Final Cut Pro...ish

In the past 5 years Apple’s Final Cut Pro quickly became an industry standard for those of us who work in the media field. It had relatively inexpensive start-up costs, was easy to learn, but had the depth needed for professionals. This past June, Apple released its latest version of the software, “FCP X.” When I first heard about the release and saw some of the screen shots I was like a kid at Christmas, anxiously waiting to get my hands on the next gift that Apple would bestow on the editing world.

To make a long story short, after month-and-a-half, countless blogs posts and a petition to Apple, Apple just announced that it is “re-releasing” Final Cut Studio 3 for purchase, a product that when “FCP X” was released was removed from the shelves. That’s the good news, the not so good news is that if you would like to purchase the “old” Final Cut you have to call 1-800-MY-APPLE to place your order, it is still the same price of $999 it was before the release of “FCP X,” and supplies are limited.

So why the change of heart Apple? Was it the outrage, and abandonment felt by the professional editing community the world over...maybe. Or could it have something to do with the new CEO Apple recently welcomed into office? Whatever the case may be it is most likely that they started to get hit where it really hurt...their wallet. When the new software was first released and the negative reviews started to flood in, post-production companies, including Firelight, began to really think about whether or not they would use the software that Apple marketed as the next generation of professional editing software, which it clearly wasn’t. Final Cut’s biggest competitor, AVID, who had been loosing many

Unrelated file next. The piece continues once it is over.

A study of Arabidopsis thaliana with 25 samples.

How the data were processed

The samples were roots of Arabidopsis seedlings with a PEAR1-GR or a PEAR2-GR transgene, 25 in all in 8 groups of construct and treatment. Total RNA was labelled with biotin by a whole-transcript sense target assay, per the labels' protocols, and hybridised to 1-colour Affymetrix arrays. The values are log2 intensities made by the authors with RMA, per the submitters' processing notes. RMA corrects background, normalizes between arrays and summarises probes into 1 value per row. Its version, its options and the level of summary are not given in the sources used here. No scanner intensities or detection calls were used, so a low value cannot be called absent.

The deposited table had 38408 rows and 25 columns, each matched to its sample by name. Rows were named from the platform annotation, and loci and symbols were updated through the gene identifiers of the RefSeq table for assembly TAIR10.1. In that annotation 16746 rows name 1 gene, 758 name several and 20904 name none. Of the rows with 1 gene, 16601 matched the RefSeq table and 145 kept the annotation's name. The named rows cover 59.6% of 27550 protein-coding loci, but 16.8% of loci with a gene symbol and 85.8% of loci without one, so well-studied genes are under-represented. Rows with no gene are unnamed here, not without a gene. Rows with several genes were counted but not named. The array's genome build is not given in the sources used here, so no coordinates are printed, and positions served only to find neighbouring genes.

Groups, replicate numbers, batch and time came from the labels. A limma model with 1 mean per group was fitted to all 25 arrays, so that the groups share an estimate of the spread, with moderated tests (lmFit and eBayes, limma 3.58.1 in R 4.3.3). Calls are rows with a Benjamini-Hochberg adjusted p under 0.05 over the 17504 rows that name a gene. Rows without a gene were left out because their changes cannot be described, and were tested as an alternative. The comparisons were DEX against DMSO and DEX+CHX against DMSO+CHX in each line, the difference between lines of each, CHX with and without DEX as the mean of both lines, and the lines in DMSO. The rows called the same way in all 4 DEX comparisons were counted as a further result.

of its users to Apple, jumped at the opportunity and are offering their latest version of Media Composer at more than 50% off, and all you have to get the price reduction is, offer up a valid Final Cut serial number, talk about a slap in the face.

So Final cut users have a huge decision ahead of them: Do you “upgrade” to FCP X, and reinvest thousands of dollars in an edit system that doesn’t really work the way it should? Do you stay with Final Cut 7, a system you know and love, but is quickly becoming outdated and eventually will not be supported by Apple? Or do you jump ship to AVID. Yes you would have to reinvest, and learn a different way of editing, but it is a system that in the past few years has really begun to listen what editors want, and updating their features but keeping the same work-flow used by editors for years.

The future of Final Cut Pro is still unclear, but as Final Cut user I am glad to see that the editing system I first started to edit on, and work with everyday is not completely obsolete...not yet anyway.

Now with all of this being said, I have to admit I have not had much experience with the new software. But it looks like the fine folks at the Conan O’Brian Show on TBS can’t say enough about it.

I know not everyone reading this is familiar with the software but we would love to hear your feedback in the comments below.